Monterey Bay Aquarium Research Institute
Marine Botany


    Prionitis lanceolata, like all good red algae, has a three-phase life history that involves a gametophyte stage, a carposporophyte stage, and a tetrasporophyte stage. Other characteristics include non-motile gametes and a carposporophyte reliant on the gametophyte.

    Prionitis life history


    The gametophyte stage is what you would likely see of Prionitis if you're just taking a stroll (or scramble) through the intertidal. Reproductive structures are concentrated on the lateral pinnules* closest to the tips of the blades. Gametophytes are haploid and produce haploid gametes. Male gametes (spermatia) and female gametes (carpogonia) are produced on the same plant; however, Prionitis cannot self-fertilize.
              None of Prionitis' gametes have flagella. Thus, spermatia are simply released into the water and are at the mercy of the waves to carry it to a carpogonium. Carpogonia remain in the gametophyte, but they do their part by sticking out a long, skinny trichogyne to "catch" the spermatia as they float by. The spermatium then travels down the trichogyne to fuse with the egg cell (carpogonium). The fertilized carpogonium sends filaments into the medulla to find the auxiliary cell, which is a separate structure involved in reproduction. Once the auxiliary cell is found, a tube called the gonimoblast connects the auxiliary cell to the fertilized carpogonium so that the two can fuse. From here, the carposporophyte begins to develop.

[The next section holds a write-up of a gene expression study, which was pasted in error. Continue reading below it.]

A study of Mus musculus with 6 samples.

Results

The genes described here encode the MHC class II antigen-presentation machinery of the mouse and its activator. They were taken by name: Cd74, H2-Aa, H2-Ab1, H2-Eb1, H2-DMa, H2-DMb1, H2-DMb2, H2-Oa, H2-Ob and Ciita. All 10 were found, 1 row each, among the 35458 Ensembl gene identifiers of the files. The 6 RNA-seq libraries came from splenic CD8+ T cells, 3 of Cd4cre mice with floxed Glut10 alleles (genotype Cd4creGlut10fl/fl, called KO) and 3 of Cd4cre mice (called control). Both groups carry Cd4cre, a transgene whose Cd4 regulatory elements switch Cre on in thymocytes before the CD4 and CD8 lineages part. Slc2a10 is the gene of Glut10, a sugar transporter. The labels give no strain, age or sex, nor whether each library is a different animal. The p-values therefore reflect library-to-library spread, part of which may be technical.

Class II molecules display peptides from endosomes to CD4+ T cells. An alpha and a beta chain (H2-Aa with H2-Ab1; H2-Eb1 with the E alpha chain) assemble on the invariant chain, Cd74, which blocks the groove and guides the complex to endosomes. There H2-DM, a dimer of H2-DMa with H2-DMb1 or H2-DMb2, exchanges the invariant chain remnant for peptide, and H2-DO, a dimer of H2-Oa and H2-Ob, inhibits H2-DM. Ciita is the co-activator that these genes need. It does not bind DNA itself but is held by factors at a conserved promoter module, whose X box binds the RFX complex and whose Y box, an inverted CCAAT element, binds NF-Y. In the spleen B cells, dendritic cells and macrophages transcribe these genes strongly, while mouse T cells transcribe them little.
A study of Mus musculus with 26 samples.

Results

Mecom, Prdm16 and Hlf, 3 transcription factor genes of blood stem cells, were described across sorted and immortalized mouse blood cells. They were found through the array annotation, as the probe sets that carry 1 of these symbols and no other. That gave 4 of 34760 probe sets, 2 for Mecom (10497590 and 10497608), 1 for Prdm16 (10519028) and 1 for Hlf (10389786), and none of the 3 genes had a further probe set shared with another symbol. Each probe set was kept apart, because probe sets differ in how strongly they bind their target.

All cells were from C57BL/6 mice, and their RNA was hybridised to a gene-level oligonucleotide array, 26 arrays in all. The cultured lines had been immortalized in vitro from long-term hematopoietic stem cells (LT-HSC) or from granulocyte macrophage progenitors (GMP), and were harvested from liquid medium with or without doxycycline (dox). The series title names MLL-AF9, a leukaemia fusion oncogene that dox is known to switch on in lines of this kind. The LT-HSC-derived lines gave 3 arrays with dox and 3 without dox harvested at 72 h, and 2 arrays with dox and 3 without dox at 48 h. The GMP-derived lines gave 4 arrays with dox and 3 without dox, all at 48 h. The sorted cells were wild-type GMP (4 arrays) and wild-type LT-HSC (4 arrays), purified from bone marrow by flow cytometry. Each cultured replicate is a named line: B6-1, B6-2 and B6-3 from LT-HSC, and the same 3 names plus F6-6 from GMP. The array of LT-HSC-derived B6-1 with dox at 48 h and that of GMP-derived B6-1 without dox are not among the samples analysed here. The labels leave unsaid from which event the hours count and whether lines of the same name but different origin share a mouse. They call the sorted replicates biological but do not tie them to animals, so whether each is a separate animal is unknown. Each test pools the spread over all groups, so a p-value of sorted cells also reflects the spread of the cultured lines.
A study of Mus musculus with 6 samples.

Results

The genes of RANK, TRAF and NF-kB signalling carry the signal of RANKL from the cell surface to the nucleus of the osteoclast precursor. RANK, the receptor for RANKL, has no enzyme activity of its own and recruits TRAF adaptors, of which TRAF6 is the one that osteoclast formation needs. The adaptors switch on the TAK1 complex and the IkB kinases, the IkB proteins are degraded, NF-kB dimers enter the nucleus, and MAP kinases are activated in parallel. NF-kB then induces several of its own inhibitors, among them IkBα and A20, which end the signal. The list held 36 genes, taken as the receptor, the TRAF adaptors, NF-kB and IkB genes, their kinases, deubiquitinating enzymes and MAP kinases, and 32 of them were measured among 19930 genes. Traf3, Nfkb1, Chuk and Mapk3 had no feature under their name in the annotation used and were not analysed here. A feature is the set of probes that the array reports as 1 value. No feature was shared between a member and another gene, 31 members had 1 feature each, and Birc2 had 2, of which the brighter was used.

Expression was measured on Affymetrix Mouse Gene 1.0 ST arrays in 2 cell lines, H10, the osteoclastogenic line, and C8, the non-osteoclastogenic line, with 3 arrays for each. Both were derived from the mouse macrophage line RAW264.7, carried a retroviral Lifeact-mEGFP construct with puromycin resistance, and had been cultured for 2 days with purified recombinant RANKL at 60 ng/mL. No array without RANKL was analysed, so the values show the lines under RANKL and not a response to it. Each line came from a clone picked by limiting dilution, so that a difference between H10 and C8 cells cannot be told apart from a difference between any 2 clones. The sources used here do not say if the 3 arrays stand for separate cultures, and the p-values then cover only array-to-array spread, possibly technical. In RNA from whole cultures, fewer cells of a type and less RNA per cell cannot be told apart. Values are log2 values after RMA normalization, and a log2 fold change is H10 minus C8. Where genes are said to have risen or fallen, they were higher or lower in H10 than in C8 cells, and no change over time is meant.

The diploid carposporophyte is never a free-living organism. It remains embedded in the thallus of the gametophyte and draws some nutrition from the gametophyte. As the carposporophyte matures, nearly all the cells will become diploid carpospores. When the carpospores are mature, they are expelled through the ostiole, a pore that connects the carposporophyte to the outside world. The released carpospores will settle and grow into the tetrasporophytes.


Cruciately divided tetrasporangia (clearer cruciate division circled)

  The tetrasporophyte stage is the other apparent form in the intertidal (or subtidal). It is also diploid. Besides the different reproductive structures, tetrasporophytes and gametophytes look about the same, thus they are considered isomorphic. Tetrasporangia are concentrated on lateral pinnules toward the tips of the blades. They are located just beneath the surface of the thallus. Prionitis has cruciate tetraspores, meaning they undergo meiotic division to result in four tetraspores that form a "cross" shape. These haploid tetraspores are then expelled into the water and settle to become gametophytes, starting the cycle over again.